Saturday, 9 December 2017

Film Review: The Disaster Artist is a pointless exercise in glorifying accidental success


I'm never one to argue whether or not films should or shouldn't exist. If you have a vision, I say go for it: if it's great, wonderful; if it's bad, hey ho at least you tried. In 2003, director Tommy Wiseau released his film The Room, a kind of rushed passion project that went through a disastrous production process and has since been widely labelled one of the worst films ever made. The film (somehow) picked up a cult following and eventually turned a profit, still being screened in select cinemas around the world to this day.

The Disaster Artist, directed by and starring James Franco, is the film adaptation of the book that tells this story. Returning hastily to the very opening of this review, I'm not going to argue that The Room shouldn't exist (Wiseau and his friend Greg Sestero had a passion for something and they followed it, who am I to slate them for that) but rather that The Disaster Artist comes across as not only the most pointless movie of the year, but one of the most bizarrely niche films to receive a mainstream release in recent memory. The film is well intentioned for sure, but a well meaning heart can't really make up for how misguided everything else on screen here is.

For one, The Disaster Artist isn't particularly interested in either storytelling or character specificity. The film may follow a conventional beginning-middle-end narrative structure, but its framework within these acts is oddly shapeless - there's no real sense of progression, we just sort of drift around with these people for a while and then suddenly we're at a film premiere. The spare time is rarely used for fleshing out characters either, Franco is more interested in directing a retelling of an event than he is an actual story embodied by real people. No one here has any personality bar Wiseau (played by Franco), and he's frequently more irritating than he is interesting.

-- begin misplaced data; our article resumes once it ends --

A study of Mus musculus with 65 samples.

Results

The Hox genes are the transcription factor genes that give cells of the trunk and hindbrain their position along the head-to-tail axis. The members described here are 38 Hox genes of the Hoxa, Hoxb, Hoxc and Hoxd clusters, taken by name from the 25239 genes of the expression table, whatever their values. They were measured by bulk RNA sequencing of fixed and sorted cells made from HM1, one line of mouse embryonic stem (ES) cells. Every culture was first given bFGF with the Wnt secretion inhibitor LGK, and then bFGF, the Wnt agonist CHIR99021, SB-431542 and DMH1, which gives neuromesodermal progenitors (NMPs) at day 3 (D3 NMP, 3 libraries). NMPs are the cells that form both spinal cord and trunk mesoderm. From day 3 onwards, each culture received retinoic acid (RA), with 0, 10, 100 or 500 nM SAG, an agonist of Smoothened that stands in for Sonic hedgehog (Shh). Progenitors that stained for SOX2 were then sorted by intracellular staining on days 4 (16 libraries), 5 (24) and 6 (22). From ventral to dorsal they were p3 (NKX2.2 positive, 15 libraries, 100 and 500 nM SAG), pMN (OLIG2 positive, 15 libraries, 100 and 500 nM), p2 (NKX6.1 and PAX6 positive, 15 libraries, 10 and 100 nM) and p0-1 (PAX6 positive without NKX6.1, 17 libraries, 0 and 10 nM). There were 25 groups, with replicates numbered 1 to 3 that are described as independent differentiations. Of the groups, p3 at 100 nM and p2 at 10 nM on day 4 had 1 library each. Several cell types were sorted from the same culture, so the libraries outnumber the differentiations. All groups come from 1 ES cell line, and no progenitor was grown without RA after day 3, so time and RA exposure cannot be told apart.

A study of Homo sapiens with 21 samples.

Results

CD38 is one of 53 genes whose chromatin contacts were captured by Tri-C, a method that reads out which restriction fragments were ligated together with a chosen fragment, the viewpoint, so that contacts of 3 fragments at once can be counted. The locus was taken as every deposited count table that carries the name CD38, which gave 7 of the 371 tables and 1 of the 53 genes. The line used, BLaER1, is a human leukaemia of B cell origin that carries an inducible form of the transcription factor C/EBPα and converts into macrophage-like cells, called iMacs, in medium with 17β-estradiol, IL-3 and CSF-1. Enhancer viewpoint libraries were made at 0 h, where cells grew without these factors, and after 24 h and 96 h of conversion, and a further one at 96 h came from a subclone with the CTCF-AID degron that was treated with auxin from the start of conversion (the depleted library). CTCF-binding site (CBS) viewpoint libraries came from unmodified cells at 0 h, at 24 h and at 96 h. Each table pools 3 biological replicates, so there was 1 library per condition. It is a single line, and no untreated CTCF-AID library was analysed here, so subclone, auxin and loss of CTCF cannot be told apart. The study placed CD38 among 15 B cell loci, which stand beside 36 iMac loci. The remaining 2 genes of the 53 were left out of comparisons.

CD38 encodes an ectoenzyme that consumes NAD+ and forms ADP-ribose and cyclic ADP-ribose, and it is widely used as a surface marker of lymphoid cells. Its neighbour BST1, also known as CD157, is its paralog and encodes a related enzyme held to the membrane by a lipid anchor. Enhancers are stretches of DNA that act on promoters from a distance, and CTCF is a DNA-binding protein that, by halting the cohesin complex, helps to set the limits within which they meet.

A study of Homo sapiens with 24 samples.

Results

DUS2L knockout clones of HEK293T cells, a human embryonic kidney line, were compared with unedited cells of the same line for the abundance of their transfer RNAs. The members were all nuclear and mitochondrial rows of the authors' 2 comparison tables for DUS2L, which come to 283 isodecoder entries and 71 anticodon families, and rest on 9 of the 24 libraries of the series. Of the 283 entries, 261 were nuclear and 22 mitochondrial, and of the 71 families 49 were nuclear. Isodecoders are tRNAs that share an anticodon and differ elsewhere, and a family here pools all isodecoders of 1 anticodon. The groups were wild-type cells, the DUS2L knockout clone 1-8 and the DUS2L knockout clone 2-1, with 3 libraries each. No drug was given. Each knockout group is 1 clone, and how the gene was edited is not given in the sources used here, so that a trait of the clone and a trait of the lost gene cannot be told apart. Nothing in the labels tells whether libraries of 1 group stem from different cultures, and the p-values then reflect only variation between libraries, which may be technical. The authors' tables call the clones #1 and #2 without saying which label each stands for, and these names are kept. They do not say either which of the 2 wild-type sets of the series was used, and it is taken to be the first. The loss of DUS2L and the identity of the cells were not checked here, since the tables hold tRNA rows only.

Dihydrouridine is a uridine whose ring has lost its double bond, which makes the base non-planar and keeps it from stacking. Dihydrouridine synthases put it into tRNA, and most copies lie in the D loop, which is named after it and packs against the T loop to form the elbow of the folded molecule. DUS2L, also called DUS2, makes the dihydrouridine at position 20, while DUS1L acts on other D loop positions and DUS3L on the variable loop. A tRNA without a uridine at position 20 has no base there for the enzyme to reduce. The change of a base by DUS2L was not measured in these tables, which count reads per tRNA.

It doesn't help that Franco's lead performance here isn't really a performance in and of itself. He doesn't bring anything to the character that couldn't be achieved by a semi-trained impressionist, seemingly rolling through all of Wiseau's trademark quirks like a checklist without ever actually adding to the character himself. I appreciate that the endlessly enigmatic Wiseau is a tough character to portray - and it must be said that, on the most basic level at least, Franco does nail Wiseau's voice and mannerisms - but for The Disaster Artist to work we need Franco to hint at something deeper in his performance. A lot rests on his shoulders, but he only really goes for the bare minimum. 

The film's script (penned by Michael Weber and Scott Neustadter) seems to also be trying its hand at some form of humour, but the results are astonishingly scattershot. There's only so many times we can laugh at James Franco in a black wig saying words in a strange way, and simply watching The Disaster Artist's versions of The Room's most iconic moments feels horribly redundant: why pay to watch famous actors do them again when the original already exists? The film does source a couple of decent one liners occasionally (mostly courtesy of Dave Franco, one of the film's few saving graces), and its usage of title cards giving us shoot information is particularly inspired. 

Which leads me to the idea: would The Disaster Artist have worked better with a more unique approach, say a mockumentary style? Franco seems so hell bent on creating a film that does nothing more than retell The Room's production process that he forgets to make something actually interesting, perhaps a mockumentary approach would have allowed him to play around with the story a bit and take a few more liberties. As well as giving us a deeper insight into  his characters (direct interviews are a great way to dive further into a person's mind) it would also help to give the film a larger sense of purpose, something The Disaster Artist seriously lacks in its current form.

If you're a fan of The Room and can get behind its bizarre so-bad-it's-good quality, then Franco's film is probably a very enjoyable one, but for anyone not well versed in The Room's "Oh hai Mark"s and its "You're tearing me apart, Lisa!"s there's very little left here to enjoy. Franco simply doesn't bring enough directorial flair to the film, and his performance is lacking in everything beyond basic impressionism. I can't say The Disaster Artist ever bored me across its 100-minute runtime, but I'm not sure that was for the right reasons. I think I spent the time in a permanent state of confusion and bewilderment, unsure as to whether what I was watching was actually real and, if so, why I needed to be watching it. 


In A Sentence

Fleetingly funny but lacking the creative energy to be any more than a by-the-numbers biopic, James Franco's The Disaster Artist is about as mindbogglingly niche as its protagonist is bizarre.